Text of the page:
SheBelieves Cup: USA play England with names of inspirational women on their shirts

SheBelieves Cup: USA play England with names of inspirational women on their shirts

15/02/2019 - 16:16

It’s doubtful that Mother Teresa, singer Cardi B or civil rights activist Audre Lorde ever imagined that one day their names would appear on the back of a football shirt – but they didn’t reckon on the SheBelieves Cup.

Each player in the USA women’s team had the name of a woman who has inspired them on their shirt for the 2-2 draw with England on Saturday night.

Some US legends such as Mia Hamm and Abby Wambach made the cut, alongside some more unusual choices too…

Can you guess these five famous names?

The contrasting arguments as to whether England will or will not win the World Cup on home soil this summer have been crystallised in the space of two matches in three days in the West Indies.

Those in the ‘definitely will win it’ camp will reference Wednesday’s spectacular victory in the fourth one-day international in Grenada, which saw England post 418-6 – the highlight being Jos Buttler’s incredible 150 off just 77 balls.

And those in the ‘definitely won’t win it’ camp saw their argument validated in the fifth ODI on Saturday as England were bowled out for 113 before the hosts knocked off their small target in just 12.1 overs.

Very few subscribe to an opinion somewhere in the middle.

Here BBC Sport picks through the wreckage of England’s latest defeat – which was labelled “embarrassing” by coach Trevor Bayliss – before assessing some of the reasons why it could yet be English cricket’s most memorable white-ball summer.

England undone by bouncing ball

When England were bowled out for 113 in the final match of their last ODI series overseas before the World Cup (they have another eight ODIs to play – including one in Ireland – before the tournament begins for proper on 30 May), few could have said they were surprised.

“The gulf between our good matches in this series and our bad one is huge,” Bayliss told the Test Match Special podcast.

“We’ve been trying to be more consistent but today was a very poor performance. The only explanation is this wicket is the type we don’t play a lot on – it had a lot of bounce in it.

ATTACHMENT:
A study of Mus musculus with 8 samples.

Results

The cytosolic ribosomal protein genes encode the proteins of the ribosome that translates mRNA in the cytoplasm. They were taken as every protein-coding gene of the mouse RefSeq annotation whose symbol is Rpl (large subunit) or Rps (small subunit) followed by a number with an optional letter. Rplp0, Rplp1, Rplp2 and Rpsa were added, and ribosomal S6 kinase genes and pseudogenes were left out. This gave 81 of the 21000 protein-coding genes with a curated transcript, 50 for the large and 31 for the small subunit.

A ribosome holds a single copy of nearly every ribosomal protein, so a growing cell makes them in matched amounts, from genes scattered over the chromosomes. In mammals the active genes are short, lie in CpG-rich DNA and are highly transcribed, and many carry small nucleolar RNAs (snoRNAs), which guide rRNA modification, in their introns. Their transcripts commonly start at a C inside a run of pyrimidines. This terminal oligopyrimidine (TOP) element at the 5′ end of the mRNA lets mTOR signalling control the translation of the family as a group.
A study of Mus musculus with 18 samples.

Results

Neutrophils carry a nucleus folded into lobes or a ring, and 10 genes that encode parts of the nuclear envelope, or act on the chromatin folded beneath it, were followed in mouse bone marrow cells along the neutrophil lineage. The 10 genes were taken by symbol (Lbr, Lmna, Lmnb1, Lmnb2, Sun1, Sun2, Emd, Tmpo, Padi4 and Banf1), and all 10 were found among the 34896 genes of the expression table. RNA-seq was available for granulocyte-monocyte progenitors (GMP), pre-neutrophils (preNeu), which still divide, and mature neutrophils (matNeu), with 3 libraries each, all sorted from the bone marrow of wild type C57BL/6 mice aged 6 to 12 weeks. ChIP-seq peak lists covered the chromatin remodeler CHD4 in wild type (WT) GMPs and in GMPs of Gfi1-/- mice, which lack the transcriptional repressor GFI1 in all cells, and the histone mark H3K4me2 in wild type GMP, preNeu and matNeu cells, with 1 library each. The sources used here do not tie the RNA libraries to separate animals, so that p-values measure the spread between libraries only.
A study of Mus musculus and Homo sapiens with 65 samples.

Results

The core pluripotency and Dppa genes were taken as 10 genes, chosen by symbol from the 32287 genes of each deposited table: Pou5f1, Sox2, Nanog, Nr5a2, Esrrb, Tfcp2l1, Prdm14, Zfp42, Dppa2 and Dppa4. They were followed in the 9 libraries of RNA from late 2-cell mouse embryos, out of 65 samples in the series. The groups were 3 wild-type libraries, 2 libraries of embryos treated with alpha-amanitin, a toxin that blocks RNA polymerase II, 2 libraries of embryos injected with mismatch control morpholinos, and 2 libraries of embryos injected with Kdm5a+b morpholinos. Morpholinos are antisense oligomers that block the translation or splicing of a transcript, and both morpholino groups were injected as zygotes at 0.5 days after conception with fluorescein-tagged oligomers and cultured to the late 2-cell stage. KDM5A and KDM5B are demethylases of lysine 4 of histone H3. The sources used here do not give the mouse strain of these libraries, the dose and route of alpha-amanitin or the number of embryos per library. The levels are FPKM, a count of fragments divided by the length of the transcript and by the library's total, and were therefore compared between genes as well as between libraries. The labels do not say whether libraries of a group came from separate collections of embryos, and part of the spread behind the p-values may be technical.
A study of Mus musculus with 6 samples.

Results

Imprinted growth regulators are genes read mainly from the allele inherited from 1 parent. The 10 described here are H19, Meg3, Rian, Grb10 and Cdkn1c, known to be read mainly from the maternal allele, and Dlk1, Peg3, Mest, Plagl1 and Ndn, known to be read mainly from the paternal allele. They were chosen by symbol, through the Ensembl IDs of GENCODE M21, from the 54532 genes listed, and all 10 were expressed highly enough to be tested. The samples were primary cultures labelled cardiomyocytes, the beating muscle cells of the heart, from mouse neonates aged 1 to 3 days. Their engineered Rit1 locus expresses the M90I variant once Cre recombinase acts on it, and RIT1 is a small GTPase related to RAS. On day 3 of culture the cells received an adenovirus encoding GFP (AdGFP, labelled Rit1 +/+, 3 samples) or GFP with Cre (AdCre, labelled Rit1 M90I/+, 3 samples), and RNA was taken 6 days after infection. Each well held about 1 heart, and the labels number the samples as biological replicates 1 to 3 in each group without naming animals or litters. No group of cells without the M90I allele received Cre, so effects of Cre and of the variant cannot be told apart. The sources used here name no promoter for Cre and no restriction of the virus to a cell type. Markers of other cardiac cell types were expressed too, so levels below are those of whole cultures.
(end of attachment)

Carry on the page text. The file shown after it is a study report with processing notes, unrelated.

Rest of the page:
“There’s no wickets like this in England. It was the steepness of the bounce which we don’t often get to face.

“After only a few overs and a few wickets it was obvious with the bouncing ball, we’d have to let a few go and a score of 200 would see us right in the match.

“We just went out and carried on playing exactly the same and made the same mistakes and got the same result.

“I’ve seen the guys disappointed before but in the changing room today I think there’s a bit of embarrassment.”

Bayliss’ frustration stems from the fact this has happened before.

Last summer England lost against Scotland, while in 2017 they fell flat in the semi-finals of the Champions Trophy after a 100% record in the group stage – Pakistan bowling out the tournament hosts for 211 as England’s batsmen struggled to adapt to the slower conditions.

Speaking after that match, captain Eoin Morgan said: “The fact we’ve produced brilliant performances in this tournament and then played like that on this wicket is extremely disappointing.”

Also that summer, England had fallen to 20-6 in an ODI against South Africa at Lord’s as their top order continually played ill-advised shots against the swinging ball.

Does it all sound familiar?

But aren’t England untouchable on their day?

England are favourites to win the World Cup this summer, despite having failed to win a knockout match in the 50-over competition since 1992.

“Other people have put us down as favourites for the World Cup – and yes, we are one of the favourites – but five or six teams could win the tournament,” Bayliss said.

But why do they carry such expectation?

Put simply, they generally score more than anyone else and at a faster rate. Bowling wise, nobody has taken more wickets in one-day cricket since the last World Cup than leg-spinner Adil Rashid.

As a batting unit, they stand head and shoulders above the rest – no other team can boast a runs per over average in excess of six since the last World Cup in 2015.